Serbia produces 70% of its electricity from coal and 30% from hydropower, with the remainder coming from wind and solar. Despite government plans to transition to green energy solutions and reduce reliance on Russian gas, the transition is expected to be long and costly. The Ministry of Mining and Energy has announced a €7 billion investment plan for the electricity and mining sectors, with the bulk of it intended for new hydropower capacity. Serbia aims to modernize its coal-burning power plants, increase its use of renewable sources, and improve energy efficiency. The main players and investors in the Serbian energy sector include Elektroprivreda Srbije (EPS), Srbijagas, and various renewable energy companies. Serbia needs to install 5,000 GWh of new generating capacity per year, with a substantial portion coming from renewable energy, in order to meet EU accession-related requirements and commitments under the Energy Community Treaty and the Paris Agreement.
The Serbian government has set a target to reach a 40 percent share of renewables in the country's electricity mix by 2040, and there are opportunities for foreign companies to participate in the development of Serbia's renewable energy sector.
The government has already taken steps to create a more favorable regulatory environment for renewable energy, including the adoption of new laws and regulations to promote renewable energy and energy efficiency. In addition, the government has established a feed-in tariff program to incentivize the development of new renewable energy projects and has announced plans to introduce auction-based trading in renewable energy.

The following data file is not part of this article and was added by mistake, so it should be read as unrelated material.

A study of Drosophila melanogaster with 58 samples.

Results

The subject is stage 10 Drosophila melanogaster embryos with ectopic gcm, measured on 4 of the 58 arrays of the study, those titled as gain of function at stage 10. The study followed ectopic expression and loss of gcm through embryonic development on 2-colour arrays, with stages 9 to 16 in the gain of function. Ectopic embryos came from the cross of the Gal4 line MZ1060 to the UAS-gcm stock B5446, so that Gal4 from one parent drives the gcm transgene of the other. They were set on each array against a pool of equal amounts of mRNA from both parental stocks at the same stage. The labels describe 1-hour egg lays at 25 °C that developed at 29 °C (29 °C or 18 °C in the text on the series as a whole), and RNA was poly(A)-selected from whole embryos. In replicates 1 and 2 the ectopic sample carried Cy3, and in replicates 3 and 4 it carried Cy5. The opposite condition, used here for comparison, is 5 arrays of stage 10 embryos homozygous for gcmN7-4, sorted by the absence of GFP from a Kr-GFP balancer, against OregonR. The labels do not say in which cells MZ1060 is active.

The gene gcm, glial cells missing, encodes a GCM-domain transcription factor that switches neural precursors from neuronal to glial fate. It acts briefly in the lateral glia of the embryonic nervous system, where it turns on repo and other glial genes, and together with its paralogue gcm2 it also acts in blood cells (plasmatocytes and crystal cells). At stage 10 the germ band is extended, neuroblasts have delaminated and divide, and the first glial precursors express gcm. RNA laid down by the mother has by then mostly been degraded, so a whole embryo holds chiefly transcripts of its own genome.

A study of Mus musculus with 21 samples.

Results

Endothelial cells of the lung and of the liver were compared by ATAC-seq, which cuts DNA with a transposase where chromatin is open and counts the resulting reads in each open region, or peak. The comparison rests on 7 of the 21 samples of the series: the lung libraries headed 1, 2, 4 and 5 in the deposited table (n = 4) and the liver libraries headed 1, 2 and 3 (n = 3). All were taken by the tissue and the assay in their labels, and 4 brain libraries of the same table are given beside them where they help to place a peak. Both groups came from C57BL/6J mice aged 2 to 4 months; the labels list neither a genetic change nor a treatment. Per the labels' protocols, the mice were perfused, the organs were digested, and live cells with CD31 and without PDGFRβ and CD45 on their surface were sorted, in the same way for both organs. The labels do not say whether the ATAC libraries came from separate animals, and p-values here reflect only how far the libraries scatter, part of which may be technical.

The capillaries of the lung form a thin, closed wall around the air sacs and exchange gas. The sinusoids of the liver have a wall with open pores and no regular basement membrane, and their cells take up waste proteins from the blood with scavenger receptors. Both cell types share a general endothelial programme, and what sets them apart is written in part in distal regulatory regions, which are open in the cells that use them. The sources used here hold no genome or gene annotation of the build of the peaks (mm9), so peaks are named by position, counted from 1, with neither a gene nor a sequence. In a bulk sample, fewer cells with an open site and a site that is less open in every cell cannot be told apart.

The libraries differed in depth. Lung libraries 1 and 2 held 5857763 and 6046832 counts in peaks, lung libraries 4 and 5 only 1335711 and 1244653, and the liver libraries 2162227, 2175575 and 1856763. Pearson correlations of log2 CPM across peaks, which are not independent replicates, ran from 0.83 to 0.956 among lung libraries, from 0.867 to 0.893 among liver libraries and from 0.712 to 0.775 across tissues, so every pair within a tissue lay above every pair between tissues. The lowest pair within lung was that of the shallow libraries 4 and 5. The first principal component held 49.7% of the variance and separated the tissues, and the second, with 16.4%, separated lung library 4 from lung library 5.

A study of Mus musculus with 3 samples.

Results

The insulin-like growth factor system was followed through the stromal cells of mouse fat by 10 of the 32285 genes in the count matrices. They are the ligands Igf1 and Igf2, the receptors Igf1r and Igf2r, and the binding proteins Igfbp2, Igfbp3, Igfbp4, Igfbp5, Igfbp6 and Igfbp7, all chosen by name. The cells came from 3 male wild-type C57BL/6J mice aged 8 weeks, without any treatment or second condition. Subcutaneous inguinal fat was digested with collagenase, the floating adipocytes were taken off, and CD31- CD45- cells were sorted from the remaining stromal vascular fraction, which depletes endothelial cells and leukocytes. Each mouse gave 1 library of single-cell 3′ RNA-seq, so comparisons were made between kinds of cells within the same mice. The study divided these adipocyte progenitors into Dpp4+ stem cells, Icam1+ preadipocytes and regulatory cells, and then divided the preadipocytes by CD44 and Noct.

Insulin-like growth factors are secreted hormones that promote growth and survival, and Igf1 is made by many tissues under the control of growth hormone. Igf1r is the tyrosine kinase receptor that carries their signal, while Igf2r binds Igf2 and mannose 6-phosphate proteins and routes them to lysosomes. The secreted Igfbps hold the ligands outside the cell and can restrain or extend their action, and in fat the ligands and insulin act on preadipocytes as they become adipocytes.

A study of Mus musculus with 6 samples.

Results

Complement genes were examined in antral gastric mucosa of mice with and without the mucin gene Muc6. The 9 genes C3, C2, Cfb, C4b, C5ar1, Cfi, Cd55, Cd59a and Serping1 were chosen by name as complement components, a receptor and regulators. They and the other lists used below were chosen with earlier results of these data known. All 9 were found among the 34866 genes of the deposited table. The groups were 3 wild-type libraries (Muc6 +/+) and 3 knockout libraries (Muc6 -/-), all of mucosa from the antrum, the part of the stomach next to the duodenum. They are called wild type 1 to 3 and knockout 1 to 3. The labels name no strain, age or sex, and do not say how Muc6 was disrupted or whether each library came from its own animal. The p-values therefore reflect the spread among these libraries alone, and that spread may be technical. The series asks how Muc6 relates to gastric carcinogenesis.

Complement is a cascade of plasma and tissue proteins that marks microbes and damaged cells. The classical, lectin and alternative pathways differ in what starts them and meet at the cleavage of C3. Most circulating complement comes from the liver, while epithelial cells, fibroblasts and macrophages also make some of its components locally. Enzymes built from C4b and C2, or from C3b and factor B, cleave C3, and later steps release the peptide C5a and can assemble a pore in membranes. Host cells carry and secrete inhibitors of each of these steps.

Foreign companies can also participate in Serbia's efforts to increase its energy efficiency. The government has established a fund to support energy-efficiency projects at the local level, and the EU has announced funds to support energy efficiency upgrades for industry and consumers.
There are also opportunities for foreign companies to participate in the modernization of Serbia's existing coal-burning power plants. Serbia is currently investing in environmental upgrades for its coal-fired power plants, and there are plans to continue this investment over the next ten years. Foreign companies with expertise in environmental technologies and equipment could potentially participate in these projects.
Overall, the Serbian energy sector presents opportunities for foreign companies with expertise in renewable energy, energy efficiency, and environmental technologies. As the country seeks to reduce its dependence on coal and increase the share of renewables in its energy mix, there will be significant demand for new investment in the sector.
In addition to the domestic market, there may also be opportunities for foreign companies to participate in Serbia's energy sector. The Serbian government has implemented various measures to attract foreign investors, including tax incentives, simplified procedures for obtaining permits and licenses, and a transparent regulatory framework.
Serbia is also strategically located at the crossroads of major energy routes, making it an important transit country for energy exports to other parts of Europe. For example, the TurkStream pipeline, which delivers Russian natural gas to Turkey and other parts of Europe, passes through Serbia. The planned IBS interconnector, which will link Bulgaria and Serbia, is also part of a larger plan to connect the natural gas networks of Southeast Europe.
Overall, the energy sector in Serbia is undergoing a significant transformation as the country seeks to reduce its reliance on fossil fuels and increase its use of renewable energy sources. While there are significant challenges to this transition, including the need for significant investment and modernization of the energy infrastructure, there are also significant opportunities for companies to participate in this process and help shape the future of Serbia's energy landscape.